Massachusetts Governor signs order to protect transgender state workers

BOSTON — In a private ceremony this week, Massachusetts Gov. Deval Patrick (D) signed an executive order prohibiting discrimination of state employees based on gender identity or expression.

Advocates for transgender equality applauded the governor’s action, and are hopeful the historic executive order will underscore the need for similar protections throughout Massachusetts in commercial and private businesses.

“This is going to make a real difference in the lives of transgender state workers and their families,” said Gunner Scott, executive director of the Massachusetts Transgender Political Coalition immediately after the ceremony.

“No one should have to work in fear that they could lose their job simply because of who they are,” Scott said.

Scott noted that there is already a proposed “Transgender Equal Rights Bill” pending in the state’s legislative branch that endeavors to prohibit employment discrimination based on gender identity across the Commonwealth.

The order, signed Thursday in the Governor’s office, applies to all state agencies in the Executive Branch, as well as businesses and organizations that contract with the state.

“Governor Patrick is a true champion for the LGBT community, and we applaud the critical first step he has taken with this order toward creating a Commonwealth where all hardworking people, including transgender people, have the opportunity to make a living and provide for themselves and their families,” said Kara Suffredini, executive director of MassEquality, Massachusetts’ statewide LGBT-advocacy organization.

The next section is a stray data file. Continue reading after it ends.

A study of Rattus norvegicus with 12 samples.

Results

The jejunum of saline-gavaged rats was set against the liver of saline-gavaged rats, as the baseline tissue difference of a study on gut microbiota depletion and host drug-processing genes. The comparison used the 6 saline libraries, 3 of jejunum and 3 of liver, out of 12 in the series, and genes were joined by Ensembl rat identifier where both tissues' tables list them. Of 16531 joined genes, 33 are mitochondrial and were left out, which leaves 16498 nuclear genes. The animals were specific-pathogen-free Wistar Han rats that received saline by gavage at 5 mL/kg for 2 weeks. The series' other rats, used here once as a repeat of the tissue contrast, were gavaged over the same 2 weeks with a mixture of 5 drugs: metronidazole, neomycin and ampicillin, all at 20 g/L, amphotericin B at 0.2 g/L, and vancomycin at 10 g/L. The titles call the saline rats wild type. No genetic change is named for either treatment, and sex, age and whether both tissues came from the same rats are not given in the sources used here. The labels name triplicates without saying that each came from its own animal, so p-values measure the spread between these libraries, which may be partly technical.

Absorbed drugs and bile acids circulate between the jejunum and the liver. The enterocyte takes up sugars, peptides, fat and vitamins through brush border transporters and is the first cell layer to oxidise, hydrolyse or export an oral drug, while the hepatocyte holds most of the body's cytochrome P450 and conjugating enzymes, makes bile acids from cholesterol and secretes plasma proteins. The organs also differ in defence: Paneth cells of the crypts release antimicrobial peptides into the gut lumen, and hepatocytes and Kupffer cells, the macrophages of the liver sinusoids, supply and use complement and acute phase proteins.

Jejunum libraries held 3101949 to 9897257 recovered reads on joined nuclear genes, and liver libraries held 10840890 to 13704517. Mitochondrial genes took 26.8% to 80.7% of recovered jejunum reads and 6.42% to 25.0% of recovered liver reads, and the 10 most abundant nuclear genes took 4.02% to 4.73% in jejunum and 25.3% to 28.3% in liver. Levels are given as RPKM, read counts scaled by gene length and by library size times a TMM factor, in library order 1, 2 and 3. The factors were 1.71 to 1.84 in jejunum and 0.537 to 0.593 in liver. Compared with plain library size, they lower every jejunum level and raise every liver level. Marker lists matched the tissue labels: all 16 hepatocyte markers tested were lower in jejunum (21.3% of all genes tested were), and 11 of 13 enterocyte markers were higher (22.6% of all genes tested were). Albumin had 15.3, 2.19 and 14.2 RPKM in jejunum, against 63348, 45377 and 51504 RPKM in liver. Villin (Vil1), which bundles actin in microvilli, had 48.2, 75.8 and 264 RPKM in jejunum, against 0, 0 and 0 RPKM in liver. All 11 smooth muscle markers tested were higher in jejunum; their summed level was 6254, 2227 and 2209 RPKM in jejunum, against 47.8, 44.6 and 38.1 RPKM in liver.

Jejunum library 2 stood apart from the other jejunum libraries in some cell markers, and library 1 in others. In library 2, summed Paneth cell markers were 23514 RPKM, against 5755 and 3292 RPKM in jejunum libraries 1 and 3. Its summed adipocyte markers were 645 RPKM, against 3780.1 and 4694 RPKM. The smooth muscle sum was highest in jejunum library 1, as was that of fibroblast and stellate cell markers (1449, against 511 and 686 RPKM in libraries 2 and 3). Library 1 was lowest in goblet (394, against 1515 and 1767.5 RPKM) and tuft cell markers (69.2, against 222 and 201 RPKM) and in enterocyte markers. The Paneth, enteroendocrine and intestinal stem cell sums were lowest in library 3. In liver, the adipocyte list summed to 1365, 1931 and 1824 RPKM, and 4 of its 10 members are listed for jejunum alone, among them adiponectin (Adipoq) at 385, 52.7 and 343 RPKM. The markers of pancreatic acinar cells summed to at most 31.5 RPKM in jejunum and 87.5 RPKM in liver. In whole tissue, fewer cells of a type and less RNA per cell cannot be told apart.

A recent national survey revealed that transgender people suffer widespread discrimination in a variety of fields, including education, employment, housing, health care, and more.

Of the 283 respondents from Massachusetts, 76 percent reported experiencing harassment or mistreatment on the job; 20 percent said they’d lost a job; 17 percent said they had been denied a promotion; and 39 percent said they had not been hired for a job because of their gender identity.

“These statistics show the stark need for a statewide bill to prohibit employment discrimination based on gender identity,” said state Rep. Carl Sciortino, a lead sponsor of the ‘Transgender Equal Rights Bill.'”

“No one should work in fear of being fired from their job for reasons that have nothing to do with job performance,” he said.